Beverly Hills >> Using their names and fame to stand against what they call President Donald Trump’s policies of “exclusion and division,” some of Hollywood’s biggest movie and television stars addressed a crowd of hundreds Friday at the United Voices rally in support of immigrant rights and creative expression.
Jodie Foster told protesters gathered outside the United Talent Agency offices in Beverly Hills that she often doesn’t feel comfortable using her public face for activism, but that the time had come. “It’s time to show up. It’s a singular time in history. It’s time to engage,” Foster said on stage.
She also sent a message to the president: “The White House is our house. It’s the people’s house.”
Michael J. Fox followed by telling the crowd, “I’m proud to stand here to support values I admire.”
Fox, who was born in Canada, said he became an American citizen because he admires American values.
“Today we stand united,” he said. “We will never surrender our shared values.”
Comedian and actor Keegan-Michael Key added, “This is definitely my America right here.”
Jeremy Zimmer, CEO of UTA, told the crowd his agency wanted to express its growing concern over anti-immigration sentiment in the country.
“We had this crazy idea and they (UTA board members) all said, ‘Yeah, do it. It’s the right thing to do,’” he said. “It’s an important time to take note of exactly what’s going on.”
Farhadi saluted the crowd Friday from Iran in a video message played during the rally. He said artists “can break stereotypes” by “turning their cameras to capture shared human qualities.”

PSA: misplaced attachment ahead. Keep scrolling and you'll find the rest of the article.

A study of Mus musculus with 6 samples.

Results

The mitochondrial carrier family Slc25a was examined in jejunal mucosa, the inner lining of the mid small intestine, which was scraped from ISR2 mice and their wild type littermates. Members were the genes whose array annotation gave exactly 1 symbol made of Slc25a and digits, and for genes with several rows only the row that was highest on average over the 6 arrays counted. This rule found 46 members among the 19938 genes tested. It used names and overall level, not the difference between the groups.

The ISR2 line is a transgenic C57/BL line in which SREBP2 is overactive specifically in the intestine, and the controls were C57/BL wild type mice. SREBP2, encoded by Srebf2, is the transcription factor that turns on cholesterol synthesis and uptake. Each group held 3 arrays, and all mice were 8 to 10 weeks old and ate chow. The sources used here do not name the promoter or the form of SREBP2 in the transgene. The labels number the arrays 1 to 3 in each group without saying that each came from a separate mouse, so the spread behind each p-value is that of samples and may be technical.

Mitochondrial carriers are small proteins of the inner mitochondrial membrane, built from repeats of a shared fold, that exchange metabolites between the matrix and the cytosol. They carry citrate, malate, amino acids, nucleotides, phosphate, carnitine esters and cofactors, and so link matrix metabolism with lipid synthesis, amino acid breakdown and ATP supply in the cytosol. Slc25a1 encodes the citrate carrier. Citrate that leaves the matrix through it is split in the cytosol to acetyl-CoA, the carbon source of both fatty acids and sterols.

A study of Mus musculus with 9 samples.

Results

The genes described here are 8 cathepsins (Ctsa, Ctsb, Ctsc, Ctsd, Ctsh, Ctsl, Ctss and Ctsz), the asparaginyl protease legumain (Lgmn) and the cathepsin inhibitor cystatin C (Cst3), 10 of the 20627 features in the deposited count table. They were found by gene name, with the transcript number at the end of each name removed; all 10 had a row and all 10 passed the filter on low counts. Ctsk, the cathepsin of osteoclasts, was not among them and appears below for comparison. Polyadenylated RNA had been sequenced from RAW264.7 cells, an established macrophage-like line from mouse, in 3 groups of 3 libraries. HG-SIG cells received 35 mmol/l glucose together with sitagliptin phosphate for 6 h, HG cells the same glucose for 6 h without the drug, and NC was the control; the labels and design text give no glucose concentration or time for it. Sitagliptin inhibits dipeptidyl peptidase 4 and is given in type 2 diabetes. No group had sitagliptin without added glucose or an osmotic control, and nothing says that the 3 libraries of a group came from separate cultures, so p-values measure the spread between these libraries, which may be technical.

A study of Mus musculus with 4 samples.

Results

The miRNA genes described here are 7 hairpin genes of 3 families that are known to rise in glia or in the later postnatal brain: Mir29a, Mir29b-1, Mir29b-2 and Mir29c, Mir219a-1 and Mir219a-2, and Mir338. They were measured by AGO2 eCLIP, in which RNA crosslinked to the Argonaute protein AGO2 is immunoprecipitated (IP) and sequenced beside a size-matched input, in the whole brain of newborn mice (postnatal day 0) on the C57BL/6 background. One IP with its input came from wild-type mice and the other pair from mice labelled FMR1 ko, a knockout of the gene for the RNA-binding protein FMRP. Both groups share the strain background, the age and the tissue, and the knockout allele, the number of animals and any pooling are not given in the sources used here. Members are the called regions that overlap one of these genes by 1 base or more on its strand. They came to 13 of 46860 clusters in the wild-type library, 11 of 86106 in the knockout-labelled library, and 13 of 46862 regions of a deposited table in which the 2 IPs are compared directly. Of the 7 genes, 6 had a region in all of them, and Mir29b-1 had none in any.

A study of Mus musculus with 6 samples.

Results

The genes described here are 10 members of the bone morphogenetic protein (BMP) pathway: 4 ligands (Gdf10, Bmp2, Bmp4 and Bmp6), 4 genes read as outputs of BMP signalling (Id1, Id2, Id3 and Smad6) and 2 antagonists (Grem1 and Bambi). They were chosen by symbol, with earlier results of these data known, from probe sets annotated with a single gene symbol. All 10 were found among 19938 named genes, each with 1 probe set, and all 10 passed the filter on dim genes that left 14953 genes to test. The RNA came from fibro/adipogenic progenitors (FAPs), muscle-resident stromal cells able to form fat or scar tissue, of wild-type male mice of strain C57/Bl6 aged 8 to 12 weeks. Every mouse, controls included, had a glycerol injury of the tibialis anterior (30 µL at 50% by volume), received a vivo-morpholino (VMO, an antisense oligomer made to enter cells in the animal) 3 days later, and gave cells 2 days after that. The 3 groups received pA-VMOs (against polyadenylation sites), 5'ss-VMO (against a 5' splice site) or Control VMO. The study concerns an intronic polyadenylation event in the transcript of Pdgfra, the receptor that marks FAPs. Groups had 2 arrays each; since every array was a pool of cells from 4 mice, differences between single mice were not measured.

The rally may have been out of the ordinary, but Hollywood has a long history of activism, said UCLA sociology professor Gabriel Rossman, who specializes in cultural industries. In 1947, The Committee for the First Amendment was formed by actors in support of The Hollywood Ten, who were accused of being involved with the Communist Party.
“This was a huge production, where all these major stars signed petitions,” Rossman said of the committee.
And other actions have taken place since, he noted.
“I’m old enough to remember when it seemed for 10 years, every actor wore a red ribbon in support of AIDS,” Rossman said.
Another was aimed toward Trump: “Build a longer table, not a bigger wall.”
California Lt. Gov. Gavin Newsom told the crowd the word of the day was “pluralism.”
“I’m here for equal pay,” Newsom said. “I’m here for transgender rights. I’m here for our dreamers ... I’m here for Syrian refugees ... I’m here for an open and free press.”
“NCIS” actor Wilmer Valderrama, whose parents came here from Venezuela, said immigrants built the U.S. “brick by brick.”
He also reminded the Hollywood community that they have a responsibility.
“Our responsibility is more than telling stories,” he said. “Our responsibility is to tell the truth.”